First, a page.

If your child was injured on the playground, the issue of supervision is likely to crop up when you are pursuing compensation for your child's injury. This is because children are supposed to be closely supervised on the playground, and adequate supervision should prevent the majority of playground injuries. Here are some of the factors that determine the level of supervision necessary to keep kids safe on a playground:
Age of the Child
Younger children require a high degree of supervision than younger ones. For example, a preschooler on a swing requires active and constant supervision while a teenager may not require that level of supervision. Therefore, the court will scrutinize the exact activity or activities the child was engaged in to determine whether they had age-appropriate supervision.
The Abilities of the Child
Children with disabilities, either physical or mental, require more supervision than those who don't have to deal with those disabilities. For example, a kid with a physical disability may not have the strength necessary to navigate into and out of a swimming pool. Such a child requires close supervision to avoid swimming-pool injuries even if their age mates can handle themselves safely around the pool.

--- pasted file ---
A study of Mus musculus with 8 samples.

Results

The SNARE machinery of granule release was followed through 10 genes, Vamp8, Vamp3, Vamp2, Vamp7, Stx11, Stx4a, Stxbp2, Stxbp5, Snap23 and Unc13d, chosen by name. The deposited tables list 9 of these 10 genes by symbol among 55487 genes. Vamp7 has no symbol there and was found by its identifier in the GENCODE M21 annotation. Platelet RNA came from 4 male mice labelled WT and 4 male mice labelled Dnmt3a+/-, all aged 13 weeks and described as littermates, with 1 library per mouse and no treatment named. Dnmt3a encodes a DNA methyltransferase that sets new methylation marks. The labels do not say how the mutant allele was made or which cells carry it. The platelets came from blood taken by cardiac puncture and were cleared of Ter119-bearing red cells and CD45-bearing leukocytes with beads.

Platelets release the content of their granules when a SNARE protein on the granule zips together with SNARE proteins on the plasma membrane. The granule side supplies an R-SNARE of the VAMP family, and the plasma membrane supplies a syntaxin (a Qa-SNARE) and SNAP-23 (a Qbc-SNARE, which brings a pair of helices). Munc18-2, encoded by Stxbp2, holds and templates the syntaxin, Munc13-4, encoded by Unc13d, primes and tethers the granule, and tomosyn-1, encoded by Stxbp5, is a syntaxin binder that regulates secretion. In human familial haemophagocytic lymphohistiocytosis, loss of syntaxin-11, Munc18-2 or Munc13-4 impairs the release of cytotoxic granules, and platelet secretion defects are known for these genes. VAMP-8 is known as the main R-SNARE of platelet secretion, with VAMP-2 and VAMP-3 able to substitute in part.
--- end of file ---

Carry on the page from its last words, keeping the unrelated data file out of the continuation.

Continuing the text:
The Number of Children
It is more difficult to supervise a dozen children on the playground than a couple of kids on the same playground. Therefore, the number of children the daycare has to handle determines the level of supervision necessary. With many children, an accident can occur in the twinkle of an eye. For example, if the staff member in charge of the supervision turns their back on a kid, they can jump into the pool and incur injuries. However, if a supervisor is in charge of two or three kids, it is easy to keep an eye on them at all times.
The Nature of the Environment
The court will also evaluate the inherent risks of the environment in which the injury occurred. Risky environments necessitate stricter monitoring than relatively safe areas. For example, kids in a daycare located near a busy road require closer monitoring than those in another daycare far from roads. Another example is a daycare with a swimming pool, which necessitates strict evaluation due to the inherent danger of the pool.
After determining the level of supervision, you will also have to connect it to the injury. This means you have to prove that adequate supervision would have prevented your child from getting hurt. It is not an easy task, but having an experienced injury attorney to guide you will make it easier. Contact a personal injury lawyer for more information.